WALLINGFORD, Conn. -- Citing family worries, Kevin Chandler, the president/CEO of the Credit Union League of Connecticut for the last year and a half, has resigned to return to his home state of Minnesota.
Chandler, a former Minnesota state senator and also the former head of the Minnesota Credit Union Network before taking the Connecticut job in 2006, said the tug of his home state proved more than he anticipated when he moved to Connecticut, particularly for his young family.
The news was greeted with some surprise among Connecticut CEOs who learned about his planned departure in letters sent late last week by the chair of CULC, Kathy Chartier.
In a formal statement, Chartier said, "we thank Kevin for his contributions to the league and wish him well. That said, he's got to do what he thinks is right for his family and we can certainly understand that."
In the statement, Chandler explained that "sometimes the love of family and friends you grew up with proves to be more valuable than you think and that's what it came down to for me" adding that "while I'll certainly miss the friends I've gained here in Connecticut, for me, the time is right."
Chandler, an attorney, said he likely would be leaving the CU field as he returns to Minnesota to do national and state lobbying for a multi-client Denver firm. He said job arrangements were being worked out, but that his last day with the CCUL was Oct. 12.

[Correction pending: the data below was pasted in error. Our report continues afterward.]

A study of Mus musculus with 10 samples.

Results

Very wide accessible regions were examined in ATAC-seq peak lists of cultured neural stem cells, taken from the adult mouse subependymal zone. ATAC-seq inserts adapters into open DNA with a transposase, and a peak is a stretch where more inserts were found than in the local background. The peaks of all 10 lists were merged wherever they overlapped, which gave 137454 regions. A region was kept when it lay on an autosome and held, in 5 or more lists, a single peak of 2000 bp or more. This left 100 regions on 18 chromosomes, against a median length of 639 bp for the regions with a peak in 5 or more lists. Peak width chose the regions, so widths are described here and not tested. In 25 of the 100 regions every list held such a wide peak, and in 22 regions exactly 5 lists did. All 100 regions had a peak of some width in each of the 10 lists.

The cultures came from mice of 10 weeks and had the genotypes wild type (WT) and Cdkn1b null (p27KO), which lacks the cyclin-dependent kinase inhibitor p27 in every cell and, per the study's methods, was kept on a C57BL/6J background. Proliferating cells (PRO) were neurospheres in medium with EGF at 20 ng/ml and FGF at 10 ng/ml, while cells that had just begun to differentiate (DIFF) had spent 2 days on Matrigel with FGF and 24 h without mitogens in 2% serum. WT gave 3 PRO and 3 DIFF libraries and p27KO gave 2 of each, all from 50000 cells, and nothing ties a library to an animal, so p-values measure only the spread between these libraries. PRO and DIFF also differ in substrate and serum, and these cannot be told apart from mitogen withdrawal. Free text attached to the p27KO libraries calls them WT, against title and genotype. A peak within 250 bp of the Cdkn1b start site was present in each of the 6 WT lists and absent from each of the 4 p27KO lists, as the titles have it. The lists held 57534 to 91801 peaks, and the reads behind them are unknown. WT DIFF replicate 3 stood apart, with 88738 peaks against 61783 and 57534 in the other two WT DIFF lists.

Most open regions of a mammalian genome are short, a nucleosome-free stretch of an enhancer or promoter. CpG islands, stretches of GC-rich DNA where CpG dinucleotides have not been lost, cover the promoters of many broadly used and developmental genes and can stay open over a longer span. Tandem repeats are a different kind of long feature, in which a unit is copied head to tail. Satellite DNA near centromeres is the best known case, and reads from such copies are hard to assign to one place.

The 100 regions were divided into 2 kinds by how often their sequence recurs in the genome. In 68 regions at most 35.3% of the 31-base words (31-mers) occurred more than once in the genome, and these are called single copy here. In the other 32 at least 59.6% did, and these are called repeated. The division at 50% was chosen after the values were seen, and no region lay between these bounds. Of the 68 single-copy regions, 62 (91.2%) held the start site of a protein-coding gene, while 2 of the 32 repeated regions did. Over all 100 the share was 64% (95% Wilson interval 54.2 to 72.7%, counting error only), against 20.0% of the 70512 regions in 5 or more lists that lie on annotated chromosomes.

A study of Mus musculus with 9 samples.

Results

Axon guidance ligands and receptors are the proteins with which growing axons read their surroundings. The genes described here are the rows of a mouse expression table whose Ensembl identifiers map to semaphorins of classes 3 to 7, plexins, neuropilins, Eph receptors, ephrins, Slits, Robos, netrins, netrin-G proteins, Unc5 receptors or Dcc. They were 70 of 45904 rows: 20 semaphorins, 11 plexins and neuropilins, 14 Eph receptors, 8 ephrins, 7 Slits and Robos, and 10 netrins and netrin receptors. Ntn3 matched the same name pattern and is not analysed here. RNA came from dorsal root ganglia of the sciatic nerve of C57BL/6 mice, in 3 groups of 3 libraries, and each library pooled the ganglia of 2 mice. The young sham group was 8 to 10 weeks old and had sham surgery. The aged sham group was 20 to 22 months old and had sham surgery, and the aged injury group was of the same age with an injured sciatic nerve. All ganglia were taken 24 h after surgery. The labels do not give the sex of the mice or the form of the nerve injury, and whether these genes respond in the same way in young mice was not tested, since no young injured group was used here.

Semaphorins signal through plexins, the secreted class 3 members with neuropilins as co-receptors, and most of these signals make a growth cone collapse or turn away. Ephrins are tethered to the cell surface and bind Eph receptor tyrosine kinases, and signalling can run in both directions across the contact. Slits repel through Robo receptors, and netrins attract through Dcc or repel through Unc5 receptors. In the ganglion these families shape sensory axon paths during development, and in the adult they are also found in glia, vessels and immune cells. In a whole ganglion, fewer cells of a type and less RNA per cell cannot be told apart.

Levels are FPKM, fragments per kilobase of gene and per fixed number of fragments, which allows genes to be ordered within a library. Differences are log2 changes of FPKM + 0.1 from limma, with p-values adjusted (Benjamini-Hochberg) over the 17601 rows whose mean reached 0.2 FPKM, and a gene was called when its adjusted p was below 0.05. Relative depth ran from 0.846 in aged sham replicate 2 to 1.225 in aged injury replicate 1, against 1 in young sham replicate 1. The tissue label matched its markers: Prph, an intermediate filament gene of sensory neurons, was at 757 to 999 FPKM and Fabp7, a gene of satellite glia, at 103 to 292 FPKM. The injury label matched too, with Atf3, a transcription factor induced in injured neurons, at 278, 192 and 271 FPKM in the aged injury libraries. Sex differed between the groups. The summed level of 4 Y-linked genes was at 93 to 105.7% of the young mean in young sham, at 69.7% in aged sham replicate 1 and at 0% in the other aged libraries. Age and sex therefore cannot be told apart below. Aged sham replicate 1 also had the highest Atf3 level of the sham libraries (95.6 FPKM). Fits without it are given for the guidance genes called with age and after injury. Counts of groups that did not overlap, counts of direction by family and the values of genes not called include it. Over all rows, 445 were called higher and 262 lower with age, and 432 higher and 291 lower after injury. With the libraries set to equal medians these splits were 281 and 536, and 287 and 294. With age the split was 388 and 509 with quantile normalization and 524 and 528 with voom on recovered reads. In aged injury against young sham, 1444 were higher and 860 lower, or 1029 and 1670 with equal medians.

"I can't say enough about what a good board the Connecticut League has been and how they have understood my dilemma," said Chandler, noting the board's efforts to help on his housing and travel problems.
"I have enjoyed my time in Connecticut and the league immensely but with a wife and three small children that I have been separated from for over a year, it was time," Chandler said. "We accomplished a lot in a relatively short period of time and the league is safe and sound."
Chartier, who also is president/CEO of Members Credit Union, Stamford, Conn., declined to comment beyond the statement and press release that said she would become interim CEO with support of the board's executive committee.
The board, she said, has formed a committee that will immediately begin a search for a new CEO.
Chandler, who took the Connecticut job in June 2006, had been unable to sell his Minneapolis home during his tenure.
At the league, Chandler is credited with staffing up the lobbying effort in Hartford, pre-launching a TV awareness campaign and seeing through a name change that won favor from the membership to switch from its former moniker as the Connecticut Credit Union Association.
Chandler had succeeded Art Corey, an attorney who had joined a Hartford law firm.
But before taking the Connecticut post, Chandler was out of work for a spell following his departure from Minnesota Credit Union Network as a result of policy differences.
The leadership of that league said Chandler, a Democrat, was leaving "by mutual agreement" following what it said were differing views on league structure and political allegiance.
The Minnesota Network said then, however, Chandler's exit should be viewed positively with CUs indebted to Chandler "for nine years of service" to the industry.